David Nash environmental artwork

David Nash environmental artwork

Acclaimed British sculptor and passionate environmentalist, David Nash, has a special exhibit of his new art titled ‘New Works’ at the Royal Botanic Gardens, located in the outskirts of London that includes gardens, pavilions dating back to the 1800’s and historic greenhouses.

David Nash cutting wood

This exhibition is a perfect marriage between art and sustainability, as Nash reuses wood that would otherwise have been disposed of. According to the exhibition:

Nash adopts a responsive and adaptable approach to producing his art, allowing nature to dictate the direction that his creations will take. At Kew, this approach reflects the character of the exhibition as a whole – the viewing experience will change and evolve throughout the year, and from visit to visit. This includes the nature of the materials used, the changing seasons that shape and colour Kew Gardens so dramatically, and the display of new work that will be created on site, throughout the course of the exhibition.

Nash’s relationship with and ever-growing knowledge of his chosen material – wood –sits in perfect accordance with the conservation work that Kew carries out both in the UK and across the globe. Kew’s work with trees involves identifying new species, protecting areas of forest diversity, researching their ancestry, DNA, anatomy and chemistry, and studying the fungi that helps them to grow, and eventually, to decay and be recycled. Through projects such as the Millennium Seed Bank Partnership, Kew can share information, assist in research and in planting new areas of forest, and advise on long term planning.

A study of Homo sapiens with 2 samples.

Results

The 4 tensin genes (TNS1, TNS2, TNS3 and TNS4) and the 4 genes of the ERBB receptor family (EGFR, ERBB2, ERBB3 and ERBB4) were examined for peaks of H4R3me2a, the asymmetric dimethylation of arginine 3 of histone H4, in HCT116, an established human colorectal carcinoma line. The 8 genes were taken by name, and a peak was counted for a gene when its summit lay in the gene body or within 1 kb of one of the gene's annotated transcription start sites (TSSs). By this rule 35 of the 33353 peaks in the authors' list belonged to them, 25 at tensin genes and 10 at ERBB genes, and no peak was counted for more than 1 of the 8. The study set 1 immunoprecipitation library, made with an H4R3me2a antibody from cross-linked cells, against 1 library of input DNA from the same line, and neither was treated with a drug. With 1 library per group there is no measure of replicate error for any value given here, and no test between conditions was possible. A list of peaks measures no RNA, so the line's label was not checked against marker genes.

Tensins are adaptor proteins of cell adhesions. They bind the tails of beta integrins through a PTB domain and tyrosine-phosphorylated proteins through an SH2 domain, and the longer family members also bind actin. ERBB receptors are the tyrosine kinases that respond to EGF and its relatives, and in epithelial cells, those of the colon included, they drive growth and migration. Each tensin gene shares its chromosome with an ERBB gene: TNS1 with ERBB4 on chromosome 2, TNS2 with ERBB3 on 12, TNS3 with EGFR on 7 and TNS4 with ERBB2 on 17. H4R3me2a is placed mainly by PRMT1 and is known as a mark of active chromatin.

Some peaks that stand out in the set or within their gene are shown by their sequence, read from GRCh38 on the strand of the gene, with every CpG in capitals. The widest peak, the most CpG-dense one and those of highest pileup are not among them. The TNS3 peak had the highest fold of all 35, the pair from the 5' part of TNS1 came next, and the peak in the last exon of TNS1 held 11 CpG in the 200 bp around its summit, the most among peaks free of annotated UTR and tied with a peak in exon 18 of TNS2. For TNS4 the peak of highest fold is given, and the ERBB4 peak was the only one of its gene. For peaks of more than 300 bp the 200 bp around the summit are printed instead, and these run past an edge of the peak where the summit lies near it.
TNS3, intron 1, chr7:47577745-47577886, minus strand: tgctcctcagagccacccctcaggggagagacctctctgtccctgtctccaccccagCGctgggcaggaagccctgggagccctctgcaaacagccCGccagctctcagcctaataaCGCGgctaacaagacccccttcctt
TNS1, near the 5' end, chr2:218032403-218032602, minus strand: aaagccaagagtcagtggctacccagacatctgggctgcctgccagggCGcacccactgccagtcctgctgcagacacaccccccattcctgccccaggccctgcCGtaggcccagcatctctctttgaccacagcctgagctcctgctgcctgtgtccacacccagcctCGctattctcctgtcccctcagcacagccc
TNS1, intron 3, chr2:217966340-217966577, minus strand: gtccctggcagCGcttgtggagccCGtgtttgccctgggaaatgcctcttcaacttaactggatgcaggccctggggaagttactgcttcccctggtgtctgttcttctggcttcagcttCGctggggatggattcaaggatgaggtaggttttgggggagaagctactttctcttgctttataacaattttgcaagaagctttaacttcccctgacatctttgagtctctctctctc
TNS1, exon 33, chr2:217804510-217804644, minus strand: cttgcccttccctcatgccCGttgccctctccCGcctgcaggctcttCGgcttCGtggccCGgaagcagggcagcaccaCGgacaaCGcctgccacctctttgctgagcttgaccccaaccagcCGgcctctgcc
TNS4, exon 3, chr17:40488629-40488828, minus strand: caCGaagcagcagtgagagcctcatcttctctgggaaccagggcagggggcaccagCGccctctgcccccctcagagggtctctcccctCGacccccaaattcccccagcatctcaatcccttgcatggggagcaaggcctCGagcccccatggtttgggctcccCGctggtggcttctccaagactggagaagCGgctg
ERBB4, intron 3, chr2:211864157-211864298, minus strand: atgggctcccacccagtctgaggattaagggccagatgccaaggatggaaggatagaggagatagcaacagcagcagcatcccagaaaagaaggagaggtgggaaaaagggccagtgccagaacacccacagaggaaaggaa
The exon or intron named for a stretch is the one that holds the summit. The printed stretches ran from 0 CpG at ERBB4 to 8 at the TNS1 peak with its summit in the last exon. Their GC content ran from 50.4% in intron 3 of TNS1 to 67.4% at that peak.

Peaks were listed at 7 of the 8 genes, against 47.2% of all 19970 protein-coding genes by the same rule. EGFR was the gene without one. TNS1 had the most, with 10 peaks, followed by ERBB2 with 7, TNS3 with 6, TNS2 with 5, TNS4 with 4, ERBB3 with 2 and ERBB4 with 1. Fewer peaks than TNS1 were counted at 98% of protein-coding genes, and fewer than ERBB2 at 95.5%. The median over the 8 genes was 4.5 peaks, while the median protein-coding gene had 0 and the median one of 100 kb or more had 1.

David Nash oculus block


From April to September 2012, Nash worked at Kew on a ‘wood quarry’, creating new pieces for the exhibition using trees from the Gardens that had come to the end of their natural life.

These new works are on display in the Shirley Sherwood Gallery of Botanical Art, the Wood Quarry as well as a stunning piece in the Nash Conservatory.

If you can’t see the exhibit in person, here’s a quick sneak peek:

Susmita is a writer and editor in the Greater New York City area. In her spare time, Susmita enjoys cooking, traveling, dappling in photography, art history and interior design, and moonlighting as a therapist for her loved ones.